Jim Popp is back on the sideline for the Alouettes for the third time and has nothing to prove.
"It's not a situation where I have to re-prove myself - don't need to - it's not in my agenda." Popp stated at his re-re-introduction as head coach of the Montreal Alouettes.
Popp takes over for Dan Hawkins, who was let go by owner Robert Wetenhall and Popp early Thursday morning. Popp takes over at the request of his owner, once again.
In 2001, Popp replaced Rod Rust late in the season and quickly lost the final regular season game and the only playoff game. At that time, he was only a temporary solution as Don Mathews was hired prior to the 2002 season.
CFL on TSN's very own Jock Climie was a part of that 2001 Alouette team and knows Popp isn't a guy that runs the playbook.
"He's not an Xs and Os guy, so that means he's got to rely heavily on his coordinators," said Climie.
Knowing things haven't gone well each time on the sidelines, Climie also hopes that Popp takes something from those experiences.
"I certainly hope Jim has learned some lessons."
Lesson two came in 2006 when Don Matthews stepped away due to health issues. Popp took over in October and went 2-2 down the stretch and then advanced to the Grey Cup only to lose to B.C. 25-14.
"I was able to get the team turned around and get to the Grey Cup. We didn't win it, but the owner loved that," Popp said, reflecting on that time period. "We were interviewing people at the end of the year, then we didn't do it. He (Wetenhall) didn't want to go through the process. He said I want you to be the coach."
And there you have it. In 2007, Popp was the head coach of the Alouettes on a permanent basis. It was a difficult season filled with turmoil among coaches, injuries to Anthony Calvillo and illnesses in Calvillo's family. They finished at 8-10 -- the only time the team finished a season under .500 since 1996.
Paul Lambert, who was a part of the 2006 and 2007 Alouette teams, remembers the difficult times.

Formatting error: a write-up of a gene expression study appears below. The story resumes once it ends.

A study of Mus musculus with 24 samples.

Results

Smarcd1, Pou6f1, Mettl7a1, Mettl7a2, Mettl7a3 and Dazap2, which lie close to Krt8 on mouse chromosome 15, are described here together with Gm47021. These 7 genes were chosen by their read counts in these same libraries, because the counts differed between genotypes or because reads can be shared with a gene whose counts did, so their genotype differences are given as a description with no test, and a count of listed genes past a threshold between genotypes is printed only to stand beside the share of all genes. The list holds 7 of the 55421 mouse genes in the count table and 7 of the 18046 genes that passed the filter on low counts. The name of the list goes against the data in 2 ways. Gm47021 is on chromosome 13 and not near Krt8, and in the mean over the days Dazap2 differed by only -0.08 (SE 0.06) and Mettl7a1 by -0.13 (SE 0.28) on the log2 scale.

"Let's face it, he relied heavily on his two coordinators, unfortunately we had some assistant coaches that were not on the same page offensively," said Lambert.
But Lambert was also very quick to give Popp some praise.
"He's going to try and motivate the guys. One thing I'll say about Jim is that he knows every single player on the team, on the roster, on the practice roster, on the injury reserve, as good if not better than any coach on the staff. He knows them because he's the reason why they are here."
As for proving himself, Popp's numbers aren't great. He's 10-13 in the regular season and only 1-3 in the playoffs in his two previous stints. But Popp knows what worked and what didn't.
"I know what went on in 2007. I know what I did right, I know what I didn't do great," said Popp. He continued with some specifics. "I made a lot changes with people, too many in hindsight, there were 20-some rookies on our team, there was a lot and that was not a great move on my part, period."
But the team is now made and five-games into a season. At this point, personnel should not be an issue. Popp needs to get the team's offence in gear. His first order of business is to scrap Mike Miller's offence and allow Doug Berry, once the team's offensive coordinator, to bring in something Calvillo is excited for.
"We threw for a lot of yards. We were very successful; we had a great running game," said Calvillo. "Protection was solid. I feel like he'll bring the same knowledge that he had back then."
Calvillo has seen Popp as head coach multiple times, so he knows how to deal with his GM on the sidelines.
"He's been around a lot of great coaches in Don Matthews and Marc Trestman, with him knowing the players and him experienced what he's experienced I think it'll benefit our football team," added Calvillo.
However, at the end of the day Montreal needs more wins than losses and that is how Popp will be evaluated for the third time. Popp did feel this was the best move to make to get Montreal back on track.
"This is the best situation today. This is the best thing we can do today to get back in the direction we needed to go in," said Popp.
He has 13 games to prove he can steer the wobbly ship straight.